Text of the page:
The Collaborative International Dictionary of English v.0.48:
Engine \En"gine\ ([e^]n"j[i^]n), n. [F. engin skill, machine,
engine, L. ingenium natural capacity, invention; in in + the
root of gignere to produce. See Genius, and cf.
Ingenious, Gin a snare.]
Note: (Pronounced, in this sense, [e^]n*j[=e]n".) Natural
capacity; ability; skill. [Obs.]
A man hath sapiences three,
Memory, engine, and intellect also. --Chaucer.
2. Anything used to effect a purpose; any device or
contrivance; a machine; an agent. --Shak.
You see the ways the fisherman doth take
To catch the fish; what engines doth he make?
Their promises, enticements, oaths, tokens, and all
these engines of lust. --Shak.
3. Any instrument by which any effect is produced;
especially, an instrument or machine of war or torture.
"Terrible engines of death." --Sir W. Raleigh.
4. (Mach.) A compound machine by which any physical power is
applied to produce a given physical effect.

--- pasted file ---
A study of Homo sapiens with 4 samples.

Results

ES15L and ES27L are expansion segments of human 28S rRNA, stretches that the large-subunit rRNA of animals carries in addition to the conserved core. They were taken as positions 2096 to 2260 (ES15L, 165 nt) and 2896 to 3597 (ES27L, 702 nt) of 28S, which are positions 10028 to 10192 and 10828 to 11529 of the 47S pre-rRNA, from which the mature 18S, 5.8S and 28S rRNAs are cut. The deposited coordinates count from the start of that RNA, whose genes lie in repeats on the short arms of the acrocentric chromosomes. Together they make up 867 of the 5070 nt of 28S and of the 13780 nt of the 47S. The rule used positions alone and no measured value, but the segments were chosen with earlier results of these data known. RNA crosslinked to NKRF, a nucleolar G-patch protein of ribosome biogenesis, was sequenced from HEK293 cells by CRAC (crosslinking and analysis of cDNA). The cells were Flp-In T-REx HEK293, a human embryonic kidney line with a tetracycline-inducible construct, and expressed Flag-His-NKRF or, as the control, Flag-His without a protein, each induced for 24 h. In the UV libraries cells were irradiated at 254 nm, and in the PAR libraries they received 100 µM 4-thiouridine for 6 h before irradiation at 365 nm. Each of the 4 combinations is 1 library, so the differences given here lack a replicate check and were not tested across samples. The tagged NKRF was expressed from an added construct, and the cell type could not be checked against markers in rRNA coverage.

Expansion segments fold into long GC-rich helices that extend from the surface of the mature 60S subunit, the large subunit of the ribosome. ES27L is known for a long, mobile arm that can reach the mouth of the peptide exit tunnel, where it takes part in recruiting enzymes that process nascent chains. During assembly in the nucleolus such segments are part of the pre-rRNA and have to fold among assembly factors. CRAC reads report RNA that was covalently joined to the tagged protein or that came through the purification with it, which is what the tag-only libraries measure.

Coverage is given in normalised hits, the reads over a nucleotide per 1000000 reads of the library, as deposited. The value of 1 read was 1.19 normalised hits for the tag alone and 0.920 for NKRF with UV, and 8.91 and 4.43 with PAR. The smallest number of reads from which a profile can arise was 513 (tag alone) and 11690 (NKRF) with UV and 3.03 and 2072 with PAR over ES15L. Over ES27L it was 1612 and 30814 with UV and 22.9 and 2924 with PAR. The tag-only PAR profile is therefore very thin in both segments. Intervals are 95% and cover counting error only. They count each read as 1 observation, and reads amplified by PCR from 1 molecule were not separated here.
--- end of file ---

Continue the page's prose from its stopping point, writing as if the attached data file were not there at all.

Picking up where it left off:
Engine driver, one who manages an engine; specifically, the
engineer of a locomotive.
Engine lathe. (Mach.) See under Lathe.
Engine tool, a machine tool. --J. Whitworth.
Engine turning (Fine Arts), a method of ornamentation by
means of a rose engine.
Note: The term engine is more commonly applied to massive
machines, or to those giving power, or which produce
some difficult result. Engines, as motors, are
distinguished according to the source of power, as
steam engine, air engine, electro-magnetic engine; or
the purpose on account of which the power is applied,
as fire engine, pumping engine, locomotive engine; or
some peculiarity of construction or operation, as
single-acting or double-acting engine, high-pressure or
low-pressure engine, condensing engine, etc.